Ireland will go into polls on Friday for a historic and landmark referendum on the future of abortion laws. The procedure is currently restricted by the 8th amendment of their constitution, which protects the rights of the mother and her unborn child. The discussion on the laws related to abortion flared up after an Indian-origin woman Savita Halappanavar who was along 17 weeks of her pregnancy died after she was denied an abortion after being diagnosed with blood poisoning. The results to be announced on Saturday will change the face of the women rights in Ireland, but what about the rights pertaining to abortion in India?
The big question that stands is if it is accepted by the people of our country, where the word ‘sex’ in itself is a taboo.
The Indian abortion laws falls under the Medical Termination of Pregnancy (MTP) Act, which was enacted by the Indian Parliament in the year 1971. Access to abortion is legal but restricted in India. It can only be performed up to 20 weeks of conception and after the 20-week mark, it can only be performed under special circumstances, at a court’s discretion. 20 weeks are also divided into two categories: If the pregnancy is under 12 weeks, it has to be signed off by only one doctor, who can then perform the procedure on the mother. As it crosses the 12-week mark, it has to be signed off by two doctors. The underlining point is that a woman can’t solely decide to abort the baby if she desires to. According to the MTP Act, it can be performed with the consent of the doctor under four circumstances only:
If continuation of the pregnancy poses any risks to the life of the mother or to her physical or mental health.
If the foetus has any severe abnormalities.
If pregnancy occurred as a result of failure of contraception (but this is only applicable to married women).
If pregnancy is a result of sexual assault or rape.
Also, what becomes a problem with this provision is the slow and drawn out law proceedings. One case that deserves mention with regard to this problem is the case of a 14-year-old from UP who was raped but denied abortion because the law proceedings took entire eight weeks, leading her to the stage of ‘advanced pregnancy’ (about 33 weeks). Sadly, the girl had to marry her rapist, following ostracization from the family and society.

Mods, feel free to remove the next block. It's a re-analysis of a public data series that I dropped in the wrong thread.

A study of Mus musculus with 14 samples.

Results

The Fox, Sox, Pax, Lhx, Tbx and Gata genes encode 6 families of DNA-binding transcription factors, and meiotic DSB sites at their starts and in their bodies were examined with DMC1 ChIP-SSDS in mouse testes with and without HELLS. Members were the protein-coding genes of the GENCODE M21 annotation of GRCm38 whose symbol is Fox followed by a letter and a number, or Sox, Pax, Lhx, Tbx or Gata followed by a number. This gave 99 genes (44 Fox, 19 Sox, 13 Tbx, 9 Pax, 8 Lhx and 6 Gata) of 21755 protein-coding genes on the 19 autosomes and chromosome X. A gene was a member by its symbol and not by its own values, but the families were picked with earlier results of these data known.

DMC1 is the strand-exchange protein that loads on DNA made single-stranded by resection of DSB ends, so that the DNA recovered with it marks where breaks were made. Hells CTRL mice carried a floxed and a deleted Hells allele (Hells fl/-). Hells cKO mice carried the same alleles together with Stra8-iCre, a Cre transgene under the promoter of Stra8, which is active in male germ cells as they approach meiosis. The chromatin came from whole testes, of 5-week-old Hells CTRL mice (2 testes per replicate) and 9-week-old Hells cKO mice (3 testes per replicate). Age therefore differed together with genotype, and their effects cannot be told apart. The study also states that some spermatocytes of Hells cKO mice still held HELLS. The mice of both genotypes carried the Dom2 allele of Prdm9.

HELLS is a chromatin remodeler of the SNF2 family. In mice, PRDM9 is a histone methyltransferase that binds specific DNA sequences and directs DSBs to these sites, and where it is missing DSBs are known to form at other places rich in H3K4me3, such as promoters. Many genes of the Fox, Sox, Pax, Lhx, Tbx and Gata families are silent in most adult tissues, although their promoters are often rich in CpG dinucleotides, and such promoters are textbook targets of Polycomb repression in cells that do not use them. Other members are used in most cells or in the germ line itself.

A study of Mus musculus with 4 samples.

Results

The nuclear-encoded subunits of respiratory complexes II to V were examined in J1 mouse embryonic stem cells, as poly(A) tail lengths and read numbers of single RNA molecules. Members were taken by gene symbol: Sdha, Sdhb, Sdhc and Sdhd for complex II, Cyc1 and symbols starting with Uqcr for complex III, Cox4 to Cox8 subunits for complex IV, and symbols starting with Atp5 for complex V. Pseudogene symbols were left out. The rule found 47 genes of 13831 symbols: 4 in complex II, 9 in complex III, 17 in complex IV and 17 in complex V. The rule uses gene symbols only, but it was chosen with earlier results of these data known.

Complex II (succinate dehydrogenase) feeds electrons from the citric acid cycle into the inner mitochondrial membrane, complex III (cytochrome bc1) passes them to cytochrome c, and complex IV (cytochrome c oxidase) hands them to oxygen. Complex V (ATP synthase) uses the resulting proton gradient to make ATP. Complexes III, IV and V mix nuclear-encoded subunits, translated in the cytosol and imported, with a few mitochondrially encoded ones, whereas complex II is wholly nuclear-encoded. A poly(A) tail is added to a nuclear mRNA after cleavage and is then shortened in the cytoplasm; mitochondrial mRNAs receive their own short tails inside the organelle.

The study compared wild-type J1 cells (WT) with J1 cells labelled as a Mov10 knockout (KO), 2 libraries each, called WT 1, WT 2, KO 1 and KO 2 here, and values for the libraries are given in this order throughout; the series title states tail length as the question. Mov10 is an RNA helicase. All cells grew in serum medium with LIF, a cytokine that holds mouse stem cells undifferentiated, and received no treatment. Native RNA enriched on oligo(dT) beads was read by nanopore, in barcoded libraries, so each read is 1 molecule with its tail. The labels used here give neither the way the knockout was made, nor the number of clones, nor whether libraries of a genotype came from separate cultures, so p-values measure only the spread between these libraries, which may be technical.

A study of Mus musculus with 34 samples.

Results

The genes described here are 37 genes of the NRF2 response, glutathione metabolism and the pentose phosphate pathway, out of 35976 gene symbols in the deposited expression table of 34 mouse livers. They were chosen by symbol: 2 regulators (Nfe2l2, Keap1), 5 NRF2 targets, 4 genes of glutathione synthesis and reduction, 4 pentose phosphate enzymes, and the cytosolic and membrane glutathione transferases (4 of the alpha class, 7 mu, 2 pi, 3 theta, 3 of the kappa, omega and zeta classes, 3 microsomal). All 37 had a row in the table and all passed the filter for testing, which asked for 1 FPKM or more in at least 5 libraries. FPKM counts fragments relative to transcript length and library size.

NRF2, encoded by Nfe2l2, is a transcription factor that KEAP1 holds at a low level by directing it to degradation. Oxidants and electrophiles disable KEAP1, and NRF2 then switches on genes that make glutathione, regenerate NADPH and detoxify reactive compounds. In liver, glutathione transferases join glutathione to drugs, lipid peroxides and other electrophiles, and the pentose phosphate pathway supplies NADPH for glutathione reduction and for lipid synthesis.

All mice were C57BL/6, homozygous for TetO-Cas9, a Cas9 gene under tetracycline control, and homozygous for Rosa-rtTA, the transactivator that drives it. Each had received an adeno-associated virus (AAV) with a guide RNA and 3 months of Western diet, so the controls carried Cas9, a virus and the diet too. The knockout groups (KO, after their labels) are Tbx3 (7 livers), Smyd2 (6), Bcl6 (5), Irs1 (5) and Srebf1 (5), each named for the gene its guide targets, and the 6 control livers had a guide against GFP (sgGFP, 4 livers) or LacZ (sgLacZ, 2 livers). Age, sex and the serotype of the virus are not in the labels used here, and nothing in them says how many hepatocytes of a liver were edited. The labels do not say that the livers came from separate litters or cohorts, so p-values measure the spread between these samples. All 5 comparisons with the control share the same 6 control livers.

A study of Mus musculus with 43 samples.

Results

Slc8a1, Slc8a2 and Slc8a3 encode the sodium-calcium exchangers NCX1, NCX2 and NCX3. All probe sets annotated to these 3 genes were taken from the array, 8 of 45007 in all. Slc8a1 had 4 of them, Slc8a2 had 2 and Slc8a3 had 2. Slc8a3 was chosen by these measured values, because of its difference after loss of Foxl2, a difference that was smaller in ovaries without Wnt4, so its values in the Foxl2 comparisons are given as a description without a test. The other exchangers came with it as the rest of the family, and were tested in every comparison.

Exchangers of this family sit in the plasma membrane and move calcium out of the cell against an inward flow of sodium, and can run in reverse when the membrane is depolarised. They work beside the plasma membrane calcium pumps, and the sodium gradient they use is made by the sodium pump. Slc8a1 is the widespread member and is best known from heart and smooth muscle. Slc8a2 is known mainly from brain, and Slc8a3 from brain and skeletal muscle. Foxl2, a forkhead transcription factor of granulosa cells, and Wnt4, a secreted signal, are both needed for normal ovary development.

The point that people majorly mistake is that a pregnant female has to be accompanied by either the father or any member of her family for abortion, which is misleading because the MTP Act gives adult women the autonomy to decide for themselves. A doctor cannot ask for anyone’s consent except for the mother’s. Due to poor public information system, the vast majority of women in rural area are unaware of the fact that abortion is legal. This has further contributed to increased female mortality rate in India. Lack of information about such an important issue forces women to buy over the counter abortion pills, which shouldn’t be taken without a doctor’s help. This has also led to an increase in the number of quacks, who operate under unsanitary conditions and are unlicensed.
With the advancement of technology, our government should increase the maximum bar to get an abortion from 20 weeks to 24 weeks. Doctors say that it is completely safe to abort a baby before 24 weeks. But, why are these measures not taken?
Women’s’ right activists fight over the omission of woman’s choice and want the government to increase the 20 weeks bar.
Draft medical termination of pregnancy (amendment) bill, 2014, takes care of all the things mentioned above but the after taking various sounds of the cabinet, it is till stuck in Prime minister’s office. It is probably not important for them, as the cabinet is dominated by male ministers and the fact that men don’t get pregnant so it is a moot point for them.
Indian society has changed drastically over the past few decades. Single women are more confident about being sexually active than before. Many women are divorced, single, or in a live-in relationship. We need to recognize the rights of all these women in our country and more flexible laws should be enacted so that unfortunate cases like that of Savita Halappanavar does not repeat here.